Wed, 19 Oct 2005


Off to Orlando for educause, to talk about playlists. Have started using playlist as a research scratchpad, creating a ‘hacking philosophy’ playlist that I hope might be useful as the outline for an essay at some point.

Lots of folks at the office are going to WSIS, despite it being in Tunisia, a known internet censorer. Sounds like they should have much fun.

Have been given responsibility for a reworking of our website. Should be an interesting task.

Open Bits

Very awesome to hear that gnomefiles has 1000 apps now. I’ve had my disagreements with Eugenia, and I wish some of gnomefiles’ ad revenue went to the foundation, but gnomefiles on balance is a critically important tool for gnome and gnome users, and I eagerly await 2000 and 5000 and more.

Heard about gobby from a wikipedian the other day. Am looking forward to the next release, and looking forward to more such applications. C’mon, gocollab :)

Enjoyed another dinner with smart people last night; met Alan Taylor of Amazon Light fame.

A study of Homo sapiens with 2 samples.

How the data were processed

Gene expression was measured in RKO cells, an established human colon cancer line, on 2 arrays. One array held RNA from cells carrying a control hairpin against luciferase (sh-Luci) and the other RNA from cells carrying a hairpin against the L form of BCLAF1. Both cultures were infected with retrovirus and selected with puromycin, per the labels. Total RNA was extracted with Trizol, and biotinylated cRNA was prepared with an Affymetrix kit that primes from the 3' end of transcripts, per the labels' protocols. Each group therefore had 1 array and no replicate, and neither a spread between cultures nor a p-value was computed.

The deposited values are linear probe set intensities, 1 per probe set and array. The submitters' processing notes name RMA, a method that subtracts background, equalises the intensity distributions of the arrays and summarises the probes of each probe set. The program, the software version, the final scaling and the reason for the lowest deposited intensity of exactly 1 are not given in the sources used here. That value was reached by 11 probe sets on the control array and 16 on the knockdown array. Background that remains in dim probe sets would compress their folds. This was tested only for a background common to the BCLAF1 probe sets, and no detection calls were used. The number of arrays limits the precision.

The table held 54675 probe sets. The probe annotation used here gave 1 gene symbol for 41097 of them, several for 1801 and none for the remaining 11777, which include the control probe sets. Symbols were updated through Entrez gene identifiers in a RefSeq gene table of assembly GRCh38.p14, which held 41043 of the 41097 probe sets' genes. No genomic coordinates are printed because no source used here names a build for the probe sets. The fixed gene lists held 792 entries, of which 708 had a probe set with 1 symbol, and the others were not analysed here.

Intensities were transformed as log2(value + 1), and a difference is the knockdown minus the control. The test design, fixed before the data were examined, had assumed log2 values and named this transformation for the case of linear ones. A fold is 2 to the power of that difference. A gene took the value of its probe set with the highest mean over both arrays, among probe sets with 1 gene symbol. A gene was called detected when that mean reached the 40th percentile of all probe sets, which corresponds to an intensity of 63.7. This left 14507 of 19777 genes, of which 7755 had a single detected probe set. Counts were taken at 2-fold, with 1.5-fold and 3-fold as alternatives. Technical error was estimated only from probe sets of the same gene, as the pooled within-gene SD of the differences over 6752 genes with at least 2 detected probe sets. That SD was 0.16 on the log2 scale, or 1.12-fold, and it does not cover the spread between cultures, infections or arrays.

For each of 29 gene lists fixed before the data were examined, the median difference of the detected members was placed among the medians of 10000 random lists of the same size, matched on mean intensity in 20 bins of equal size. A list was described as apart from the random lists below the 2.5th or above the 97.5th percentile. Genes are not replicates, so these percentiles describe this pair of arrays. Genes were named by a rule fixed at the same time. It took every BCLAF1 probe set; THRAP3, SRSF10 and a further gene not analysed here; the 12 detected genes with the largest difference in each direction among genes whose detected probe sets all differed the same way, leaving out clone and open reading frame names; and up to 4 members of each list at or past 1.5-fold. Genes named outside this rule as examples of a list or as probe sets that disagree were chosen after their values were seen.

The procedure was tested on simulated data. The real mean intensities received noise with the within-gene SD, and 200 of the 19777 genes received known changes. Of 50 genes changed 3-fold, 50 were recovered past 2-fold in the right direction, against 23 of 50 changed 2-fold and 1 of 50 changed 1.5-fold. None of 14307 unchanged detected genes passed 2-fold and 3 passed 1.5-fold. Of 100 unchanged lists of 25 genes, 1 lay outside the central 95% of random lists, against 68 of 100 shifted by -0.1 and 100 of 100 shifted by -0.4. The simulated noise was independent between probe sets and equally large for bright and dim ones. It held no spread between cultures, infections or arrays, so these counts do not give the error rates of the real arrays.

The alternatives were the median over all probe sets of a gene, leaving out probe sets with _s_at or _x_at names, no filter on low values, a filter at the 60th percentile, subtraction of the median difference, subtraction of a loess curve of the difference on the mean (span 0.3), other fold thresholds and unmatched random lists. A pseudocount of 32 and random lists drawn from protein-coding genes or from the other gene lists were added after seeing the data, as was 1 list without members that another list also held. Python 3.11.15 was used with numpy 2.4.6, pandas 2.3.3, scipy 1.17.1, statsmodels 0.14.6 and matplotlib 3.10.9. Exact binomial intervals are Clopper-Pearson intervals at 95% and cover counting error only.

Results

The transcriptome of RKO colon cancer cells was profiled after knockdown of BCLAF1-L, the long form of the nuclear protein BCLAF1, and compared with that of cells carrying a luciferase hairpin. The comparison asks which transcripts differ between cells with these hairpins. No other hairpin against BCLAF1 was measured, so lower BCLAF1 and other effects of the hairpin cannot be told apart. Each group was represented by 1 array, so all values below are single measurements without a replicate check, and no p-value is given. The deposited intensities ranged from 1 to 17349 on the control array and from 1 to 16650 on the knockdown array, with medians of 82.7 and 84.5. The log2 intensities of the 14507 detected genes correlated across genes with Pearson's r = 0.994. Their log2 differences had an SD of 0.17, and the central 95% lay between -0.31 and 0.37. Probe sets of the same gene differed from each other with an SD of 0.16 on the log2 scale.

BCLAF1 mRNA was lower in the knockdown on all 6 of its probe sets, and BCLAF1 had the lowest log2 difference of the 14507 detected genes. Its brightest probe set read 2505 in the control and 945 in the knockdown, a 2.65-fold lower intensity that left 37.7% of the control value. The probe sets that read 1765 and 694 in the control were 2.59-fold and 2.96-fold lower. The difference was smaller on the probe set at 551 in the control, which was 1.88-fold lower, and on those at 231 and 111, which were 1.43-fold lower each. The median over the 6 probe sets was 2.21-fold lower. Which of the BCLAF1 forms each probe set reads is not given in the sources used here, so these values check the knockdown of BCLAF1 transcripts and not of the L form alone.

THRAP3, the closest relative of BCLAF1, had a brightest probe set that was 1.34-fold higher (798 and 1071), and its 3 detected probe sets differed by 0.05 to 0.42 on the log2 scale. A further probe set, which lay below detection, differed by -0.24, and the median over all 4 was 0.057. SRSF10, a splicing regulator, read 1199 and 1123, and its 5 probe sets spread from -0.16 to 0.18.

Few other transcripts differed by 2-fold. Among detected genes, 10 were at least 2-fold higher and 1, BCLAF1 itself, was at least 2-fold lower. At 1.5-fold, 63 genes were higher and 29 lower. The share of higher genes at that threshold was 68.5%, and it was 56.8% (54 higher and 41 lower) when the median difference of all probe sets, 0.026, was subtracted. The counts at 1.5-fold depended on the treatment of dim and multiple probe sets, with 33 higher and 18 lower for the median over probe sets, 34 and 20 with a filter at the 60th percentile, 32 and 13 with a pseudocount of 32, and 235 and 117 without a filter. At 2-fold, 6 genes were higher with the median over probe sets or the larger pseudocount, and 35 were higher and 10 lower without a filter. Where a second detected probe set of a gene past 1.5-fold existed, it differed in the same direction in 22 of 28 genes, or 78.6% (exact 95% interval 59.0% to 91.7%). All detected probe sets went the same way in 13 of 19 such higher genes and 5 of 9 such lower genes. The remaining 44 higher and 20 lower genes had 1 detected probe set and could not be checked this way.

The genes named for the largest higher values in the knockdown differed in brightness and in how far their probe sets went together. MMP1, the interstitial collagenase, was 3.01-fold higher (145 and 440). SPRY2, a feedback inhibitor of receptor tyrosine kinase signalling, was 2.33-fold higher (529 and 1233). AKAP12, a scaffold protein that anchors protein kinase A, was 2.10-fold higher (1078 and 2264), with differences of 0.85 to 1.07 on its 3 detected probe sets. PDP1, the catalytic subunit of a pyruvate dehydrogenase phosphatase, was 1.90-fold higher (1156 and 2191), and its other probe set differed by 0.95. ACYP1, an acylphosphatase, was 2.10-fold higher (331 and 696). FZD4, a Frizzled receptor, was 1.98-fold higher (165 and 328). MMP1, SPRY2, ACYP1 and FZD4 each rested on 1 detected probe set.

Have started on the outline of an essay I’m almost certain to never write on Marxism and Free Software-ism; the historical parallels between Stallman and Marx (deep perception of existing problems; created vital, influential movements; managed to offend nearly the entirety of those movements) have always intrigued me (and makes me predict that Free Software as a movement will flourish, as Marxism did, once Richard steps back from the scene). But I’d never considered until the past few days the possibility of doing the historical research to do a more complete parallel analysis of the movements. I think one could do some pretty interesting comparisons there- study marxism’s historical dialectic as it competed with the capitalist meme, compare and contrast ours as we enter the still relatively early memetic/dialectic competition with proprietary software. The punch line, of course, is that capitalism very definitely beat pure Marxism, probably for decent reasons, though it has adopted (coopted?) many of the insights of Marxism. The point of the essay/exercise would at least partially be to predict what aspects of free software/open source will be coopted by ‘traditional’ software development and why, and do what ends.